Specifications and laws governing safety of plant and machinery differ from country to country. Find out more about which local specifications you need to consider when you export machinery!
9 Oct 2018
“Passports” for machinery
Safe workplaces should be the goal all over the world. But the specifications and laws governing safety of plant and machinery differ from country to country. Machinery that complies with the directives and standards of one country may not conform to those of another. Are you a manufacturer who would like to export a machine to another region? Then you must comply with the directives and requirements of the country to which you are exporting.
Different countries – different specifications
The Machinery Directive provides for a standardisation of European machinery safety requirements. After a conformity assessment has been performed, a CE mark is affixed. This is how you as the manufacturer verify that a machine fulfils all safety requirements contained in Machinery Directive 2006/42/EC.
In the USA, references are generally made to UL or OSHA. UL publishes safety standards. Among other things, these standards contain requirements for electrical devices and components. As an agency of the U.S. Department of Labor, the Occupational Safety and Health Administration (OSHA) requires that all electrical devices in workplaces comply with the relevant UL standards.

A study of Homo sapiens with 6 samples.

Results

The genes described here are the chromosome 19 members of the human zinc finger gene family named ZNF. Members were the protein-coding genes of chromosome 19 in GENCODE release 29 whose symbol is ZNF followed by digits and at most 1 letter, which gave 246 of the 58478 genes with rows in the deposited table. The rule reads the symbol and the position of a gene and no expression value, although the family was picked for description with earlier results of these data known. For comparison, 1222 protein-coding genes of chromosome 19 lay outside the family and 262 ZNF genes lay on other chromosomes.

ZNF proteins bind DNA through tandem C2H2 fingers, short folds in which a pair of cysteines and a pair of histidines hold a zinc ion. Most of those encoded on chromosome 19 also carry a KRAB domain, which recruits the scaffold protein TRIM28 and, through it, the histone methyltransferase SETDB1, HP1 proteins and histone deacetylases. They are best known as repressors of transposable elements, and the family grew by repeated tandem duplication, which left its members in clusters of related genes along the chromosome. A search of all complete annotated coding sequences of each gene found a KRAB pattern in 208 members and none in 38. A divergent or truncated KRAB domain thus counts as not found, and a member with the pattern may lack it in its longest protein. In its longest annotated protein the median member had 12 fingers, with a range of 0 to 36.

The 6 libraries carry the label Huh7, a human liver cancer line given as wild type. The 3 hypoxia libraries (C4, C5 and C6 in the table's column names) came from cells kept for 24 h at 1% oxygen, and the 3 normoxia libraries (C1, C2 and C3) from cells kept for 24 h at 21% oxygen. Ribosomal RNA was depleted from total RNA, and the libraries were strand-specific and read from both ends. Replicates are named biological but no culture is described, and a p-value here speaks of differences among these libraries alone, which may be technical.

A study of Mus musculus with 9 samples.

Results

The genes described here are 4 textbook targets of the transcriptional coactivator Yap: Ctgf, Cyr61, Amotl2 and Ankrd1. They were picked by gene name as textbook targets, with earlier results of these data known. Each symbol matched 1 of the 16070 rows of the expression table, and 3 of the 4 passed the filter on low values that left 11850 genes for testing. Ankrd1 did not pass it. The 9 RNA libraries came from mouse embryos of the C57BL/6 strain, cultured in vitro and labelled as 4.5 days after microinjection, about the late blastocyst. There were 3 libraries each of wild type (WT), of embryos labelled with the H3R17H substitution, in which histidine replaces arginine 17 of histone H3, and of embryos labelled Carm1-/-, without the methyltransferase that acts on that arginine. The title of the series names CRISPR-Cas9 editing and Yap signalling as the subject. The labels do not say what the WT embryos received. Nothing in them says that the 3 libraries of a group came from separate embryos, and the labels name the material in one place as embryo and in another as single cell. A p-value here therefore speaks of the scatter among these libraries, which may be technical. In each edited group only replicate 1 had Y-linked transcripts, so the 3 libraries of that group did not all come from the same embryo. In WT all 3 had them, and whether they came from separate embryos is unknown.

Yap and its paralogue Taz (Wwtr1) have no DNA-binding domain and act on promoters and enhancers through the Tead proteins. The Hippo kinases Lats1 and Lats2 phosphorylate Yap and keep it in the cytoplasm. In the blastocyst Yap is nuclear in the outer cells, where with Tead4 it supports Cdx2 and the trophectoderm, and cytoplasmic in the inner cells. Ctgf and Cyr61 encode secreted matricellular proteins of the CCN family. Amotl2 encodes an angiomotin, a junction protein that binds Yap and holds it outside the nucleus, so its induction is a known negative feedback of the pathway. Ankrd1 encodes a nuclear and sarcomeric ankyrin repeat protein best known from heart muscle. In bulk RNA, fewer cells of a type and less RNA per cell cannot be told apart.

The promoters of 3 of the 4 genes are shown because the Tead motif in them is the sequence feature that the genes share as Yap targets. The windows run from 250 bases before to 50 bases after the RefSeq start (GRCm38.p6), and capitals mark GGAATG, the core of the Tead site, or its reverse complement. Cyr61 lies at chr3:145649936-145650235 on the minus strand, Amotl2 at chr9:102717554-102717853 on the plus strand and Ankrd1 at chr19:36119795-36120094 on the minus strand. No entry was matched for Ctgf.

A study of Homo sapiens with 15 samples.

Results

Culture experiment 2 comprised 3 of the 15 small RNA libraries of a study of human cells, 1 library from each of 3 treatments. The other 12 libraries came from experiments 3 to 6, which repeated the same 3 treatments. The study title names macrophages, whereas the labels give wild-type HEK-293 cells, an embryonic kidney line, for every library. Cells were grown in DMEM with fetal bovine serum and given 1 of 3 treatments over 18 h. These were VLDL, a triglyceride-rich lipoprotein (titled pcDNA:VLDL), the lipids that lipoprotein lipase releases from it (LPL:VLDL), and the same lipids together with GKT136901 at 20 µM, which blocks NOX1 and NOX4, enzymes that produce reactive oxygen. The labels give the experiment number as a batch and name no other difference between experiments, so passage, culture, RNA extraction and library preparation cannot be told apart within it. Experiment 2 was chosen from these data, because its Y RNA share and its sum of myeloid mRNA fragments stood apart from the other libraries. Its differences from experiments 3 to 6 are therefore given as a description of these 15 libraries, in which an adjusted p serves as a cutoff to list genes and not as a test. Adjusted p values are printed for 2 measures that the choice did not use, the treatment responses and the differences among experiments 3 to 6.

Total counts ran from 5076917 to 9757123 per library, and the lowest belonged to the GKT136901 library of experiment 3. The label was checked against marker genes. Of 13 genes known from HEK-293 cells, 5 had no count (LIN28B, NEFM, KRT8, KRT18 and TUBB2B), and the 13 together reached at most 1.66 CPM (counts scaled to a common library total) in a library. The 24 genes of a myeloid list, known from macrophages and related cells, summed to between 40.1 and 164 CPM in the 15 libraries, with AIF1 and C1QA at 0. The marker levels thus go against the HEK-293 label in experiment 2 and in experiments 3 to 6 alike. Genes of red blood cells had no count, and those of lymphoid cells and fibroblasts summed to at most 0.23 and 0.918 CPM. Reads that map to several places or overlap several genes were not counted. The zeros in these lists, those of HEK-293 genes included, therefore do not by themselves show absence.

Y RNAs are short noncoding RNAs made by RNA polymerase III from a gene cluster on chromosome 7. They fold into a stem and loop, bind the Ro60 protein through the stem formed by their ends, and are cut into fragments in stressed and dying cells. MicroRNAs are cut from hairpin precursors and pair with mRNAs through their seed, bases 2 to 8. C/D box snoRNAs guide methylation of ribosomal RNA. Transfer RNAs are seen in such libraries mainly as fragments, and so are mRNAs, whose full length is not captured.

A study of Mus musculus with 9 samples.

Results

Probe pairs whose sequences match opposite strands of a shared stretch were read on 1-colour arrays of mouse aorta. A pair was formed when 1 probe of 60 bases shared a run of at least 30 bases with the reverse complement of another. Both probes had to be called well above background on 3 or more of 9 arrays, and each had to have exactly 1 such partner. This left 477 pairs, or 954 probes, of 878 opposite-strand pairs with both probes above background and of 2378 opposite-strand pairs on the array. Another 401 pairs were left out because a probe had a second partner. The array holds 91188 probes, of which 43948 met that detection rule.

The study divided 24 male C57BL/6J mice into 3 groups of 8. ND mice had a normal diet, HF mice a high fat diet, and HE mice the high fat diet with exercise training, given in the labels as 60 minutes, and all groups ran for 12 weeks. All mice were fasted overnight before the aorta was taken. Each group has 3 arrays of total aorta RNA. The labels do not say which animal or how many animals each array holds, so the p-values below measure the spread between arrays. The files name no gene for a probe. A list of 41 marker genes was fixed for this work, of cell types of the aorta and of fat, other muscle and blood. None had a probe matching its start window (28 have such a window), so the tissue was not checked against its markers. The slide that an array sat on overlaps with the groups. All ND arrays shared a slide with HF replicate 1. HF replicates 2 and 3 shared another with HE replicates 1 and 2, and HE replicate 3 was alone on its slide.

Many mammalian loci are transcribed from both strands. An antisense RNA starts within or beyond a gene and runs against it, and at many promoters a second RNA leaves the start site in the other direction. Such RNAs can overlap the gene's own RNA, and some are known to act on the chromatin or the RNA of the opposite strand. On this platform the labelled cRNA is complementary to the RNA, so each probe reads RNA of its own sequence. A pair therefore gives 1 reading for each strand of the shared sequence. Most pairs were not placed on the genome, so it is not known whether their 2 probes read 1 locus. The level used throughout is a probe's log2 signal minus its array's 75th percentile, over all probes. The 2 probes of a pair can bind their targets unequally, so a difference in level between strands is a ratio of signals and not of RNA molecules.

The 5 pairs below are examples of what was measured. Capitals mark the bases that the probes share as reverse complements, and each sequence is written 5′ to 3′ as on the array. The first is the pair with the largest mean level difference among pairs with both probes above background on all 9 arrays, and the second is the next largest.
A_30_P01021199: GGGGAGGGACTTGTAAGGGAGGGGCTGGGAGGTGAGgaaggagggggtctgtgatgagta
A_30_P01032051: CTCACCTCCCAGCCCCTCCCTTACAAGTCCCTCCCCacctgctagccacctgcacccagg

In South America, the most relevant directive for machinery safety is Brazil’s NR-12. It introduces technical references, basic principles and protective measures to ensure the health and physical integrity of workers. It also establishes minimum requirements for accident prevention across the entire lifecycle of a machine.
In Asia - China, for example - technical products must be certified according to the specifications of the China Compulsory Certification (CCC) system. Most other countries have different specifications.
What do you need to do if you want to export a machine?
If the proper declarations of conformity or other documents are missing, your machine may not receive an import permit at customs. Getting the necessary approvals at that point is a complicated and lengthy process. That is why Pilz supports machine builders during international conformity assessment procedures. By producing these "passports for machinery", we are opening up access to international markets for you.